Cooking as Therapy
By Chef Ambrose Poh
WHAT ARE THE BENEFITS OF CULINARY THERAPY?
Improved physical health
Improved social skills
Improved memory, attention and focus
Treat Eating Disorders
Now a days culinary therapy is the treatment du jour at a growing number of mental health clinics and therapists' offices. It’s being used as part of the treatment for a wide range of mental and behavioral health conditions, including depression, anxiety, eating disorders, and addiction.
“Cooking has therapeutic value physically, cognitively, socially and inter-personally. Physically, cooking requires good movement in shoulders, fingers, wrists, elbow, neck, as well as good overall balance. Adequate muscle strength is needed in upper limbs for lifting, mixing, cutting and chopping. Furthermore, sensory awareness is important in considering safety while dealing with hot and sharp objects.”
Cooking as therapy is effective because it encourages creativity. Cooking also makes people feel good about themselves because it is a way for them to nurture others. For most dishes, there is also a sense of immediate gratification. These days, health-care clinics and counselors across the world are using cooking or baking as therapy tools for people suffering from depression, anxiety, and other mental-health problems. This type of therapy is often partly aimed at teaching healthy cooking and eating skills to people living tough, chaotic lives.
But it also functions as a method for stressed out users to focus on a task at hand and feel satisfaction at completing a task. The reward of eating together as a group and the satisfaction of having cooked a healthy meal can become a rush of healthy self-inflation. It makes sense to think of cooking as therapy because food has a lot of meaning culturally, ethnically, and religiously. It brings people together whether it is baking, cooking a meal, shopping for the food and certainly sitting down together and socializing. At Allspice Institute, we believe cooking as therapy is an important part of helping young people find healthy joys and hobbies, they can enjoy without the use of drugs and alcohol.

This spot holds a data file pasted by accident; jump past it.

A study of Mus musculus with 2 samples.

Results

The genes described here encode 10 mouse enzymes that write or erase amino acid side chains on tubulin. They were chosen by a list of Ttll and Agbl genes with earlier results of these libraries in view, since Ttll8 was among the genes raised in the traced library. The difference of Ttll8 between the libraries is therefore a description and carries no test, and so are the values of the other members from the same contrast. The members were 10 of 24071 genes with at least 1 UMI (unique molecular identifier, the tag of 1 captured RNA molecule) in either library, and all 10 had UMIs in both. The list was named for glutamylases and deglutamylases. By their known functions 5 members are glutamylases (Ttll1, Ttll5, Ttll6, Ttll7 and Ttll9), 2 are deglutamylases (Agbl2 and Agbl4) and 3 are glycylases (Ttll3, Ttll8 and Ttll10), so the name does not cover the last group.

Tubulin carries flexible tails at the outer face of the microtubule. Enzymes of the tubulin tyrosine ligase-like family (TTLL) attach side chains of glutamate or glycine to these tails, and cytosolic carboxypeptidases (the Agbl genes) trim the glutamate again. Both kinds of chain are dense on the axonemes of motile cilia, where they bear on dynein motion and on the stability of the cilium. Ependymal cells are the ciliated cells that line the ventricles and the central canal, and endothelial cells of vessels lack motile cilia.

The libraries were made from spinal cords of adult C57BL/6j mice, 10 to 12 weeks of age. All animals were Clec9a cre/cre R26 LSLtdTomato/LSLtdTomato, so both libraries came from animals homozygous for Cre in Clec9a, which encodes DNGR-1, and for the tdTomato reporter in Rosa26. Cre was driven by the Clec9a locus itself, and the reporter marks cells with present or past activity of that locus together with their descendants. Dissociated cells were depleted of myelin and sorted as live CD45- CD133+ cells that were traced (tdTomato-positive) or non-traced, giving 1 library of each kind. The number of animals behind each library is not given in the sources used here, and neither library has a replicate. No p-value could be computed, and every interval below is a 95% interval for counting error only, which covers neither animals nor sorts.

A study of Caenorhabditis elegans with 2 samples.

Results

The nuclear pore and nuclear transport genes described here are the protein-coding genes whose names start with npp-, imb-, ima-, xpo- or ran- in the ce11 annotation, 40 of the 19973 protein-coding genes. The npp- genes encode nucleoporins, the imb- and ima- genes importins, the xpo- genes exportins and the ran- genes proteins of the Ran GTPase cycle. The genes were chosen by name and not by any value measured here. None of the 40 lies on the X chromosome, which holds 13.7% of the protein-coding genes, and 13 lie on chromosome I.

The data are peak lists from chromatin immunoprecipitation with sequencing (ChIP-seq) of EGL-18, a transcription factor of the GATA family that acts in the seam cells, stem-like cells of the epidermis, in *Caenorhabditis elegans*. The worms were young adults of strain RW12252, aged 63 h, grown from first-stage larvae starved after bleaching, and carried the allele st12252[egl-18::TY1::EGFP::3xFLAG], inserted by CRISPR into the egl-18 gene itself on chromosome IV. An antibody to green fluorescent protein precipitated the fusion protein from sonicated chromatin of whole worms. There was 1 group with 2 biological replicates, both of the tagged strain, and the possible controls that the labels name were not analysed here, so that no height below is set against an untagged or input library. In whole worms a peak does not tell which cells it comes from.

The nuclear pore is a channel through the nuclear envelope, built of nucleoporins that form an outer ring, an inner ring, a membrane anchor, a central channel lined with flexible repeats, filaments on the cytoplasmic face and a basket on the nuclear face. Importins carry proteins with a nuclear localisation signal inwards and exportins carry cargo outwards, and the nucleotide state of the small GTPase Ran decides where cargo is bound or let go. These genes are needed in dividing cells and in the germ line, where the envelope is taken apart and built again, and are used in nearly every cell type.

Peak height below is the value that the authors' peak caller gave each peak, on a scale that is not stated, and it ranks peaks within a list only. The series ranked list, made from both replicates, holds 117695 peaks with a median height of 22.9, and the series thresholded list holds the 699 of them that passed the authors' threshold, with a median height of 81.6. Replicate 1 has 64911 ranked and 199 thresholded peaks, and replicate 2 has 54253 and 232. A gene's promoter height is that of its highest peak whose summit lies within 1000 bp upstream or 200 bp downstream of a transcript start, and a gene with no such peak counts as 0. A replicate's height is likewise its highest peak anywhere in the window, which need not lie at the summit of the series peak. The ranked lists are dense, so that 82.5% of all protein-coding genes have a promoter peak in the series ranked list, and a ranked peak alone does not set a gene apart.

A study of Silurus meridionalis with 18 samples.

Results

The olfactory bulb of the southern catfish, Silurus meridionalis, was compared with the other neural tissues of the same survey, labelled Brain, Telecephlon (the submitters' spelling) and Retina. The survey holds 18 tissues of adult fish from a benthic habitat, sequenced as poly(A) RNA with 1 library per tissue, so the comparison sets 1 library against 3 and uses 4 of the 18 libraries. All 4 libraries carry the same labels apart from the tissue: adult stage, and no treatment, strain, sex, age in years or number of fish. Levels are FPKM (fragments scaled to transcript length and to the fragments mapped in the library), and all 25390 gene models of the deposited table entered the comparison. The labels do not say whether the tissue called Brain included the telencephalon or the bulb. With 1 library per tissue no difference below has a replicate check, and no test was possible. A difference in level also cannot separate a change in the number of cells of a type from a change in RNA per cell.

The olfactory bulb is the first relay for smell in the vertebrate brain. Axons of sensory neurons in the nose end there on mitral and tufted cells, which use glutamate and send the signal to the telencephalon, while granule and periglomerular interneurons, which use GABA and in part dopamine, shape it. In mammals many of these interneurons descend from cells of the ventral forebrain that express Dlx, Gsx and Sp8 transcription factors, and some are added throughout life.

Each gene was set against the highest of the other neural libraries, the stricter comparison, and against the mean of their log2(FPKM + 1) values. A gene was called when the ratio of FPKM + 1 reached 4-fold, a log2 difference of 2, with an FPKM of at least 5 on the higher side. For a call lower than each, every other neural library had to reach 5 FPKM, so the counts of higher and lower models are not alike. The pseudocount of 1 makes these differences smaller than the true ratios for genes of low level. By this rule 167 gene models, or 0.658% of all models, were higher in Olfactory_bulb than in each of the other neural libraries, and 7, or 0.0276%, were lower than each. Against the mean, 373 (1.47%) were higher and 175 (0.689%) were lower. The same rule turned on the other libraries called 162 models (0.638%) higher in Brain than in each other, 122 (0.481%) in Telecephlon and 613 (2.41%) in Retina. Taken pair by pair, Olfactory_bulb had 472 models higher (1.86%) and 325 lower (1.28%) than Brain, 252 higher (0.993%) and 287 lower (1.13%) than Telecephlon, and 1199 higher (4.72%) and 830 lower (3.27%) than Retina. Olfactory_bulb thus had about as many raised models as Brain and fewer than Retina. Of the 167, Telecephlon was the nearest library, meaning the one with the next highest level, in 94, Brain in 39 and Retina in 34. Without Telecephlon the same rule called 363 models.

One obvious link between cooking and mental health is nutrition. It’s easier to control the quality of your diet when you prepare much of the food yourself. And there’s growing recognition that choosing a high-quality diet plays a major role in keeping your brain healthy.
For many people, cooking is an outlet for creative expression. “Think of the flavors you gravitate toward and try using them in different dishes. Also, rather than dashing out to buy a long list of ingredients, be inspired by what you have on hand. It’ll save you time and stress. You’ll have developed your own new recipe.” The sense of accomplishment you feel afterward can be a boost for your self-esteem.
It’s easy to dismiss cooking as just another household chore. Yet you may derive a joy from cooking that you simply don’t get from, say, folding laundry or dusting shelves. The reason: Eating is an innately rewarding experience. So cooking, which leads to eating, has a powerful, built-in reward system.
Cooking with a partner can spur communication and cooperation. “Getting a meal on the table means putting aside differences and grudges and focusing on the task at hand,”. If you don’t have the same food likes and dislikes, it’s also a chance to hone your conflict resolution skills.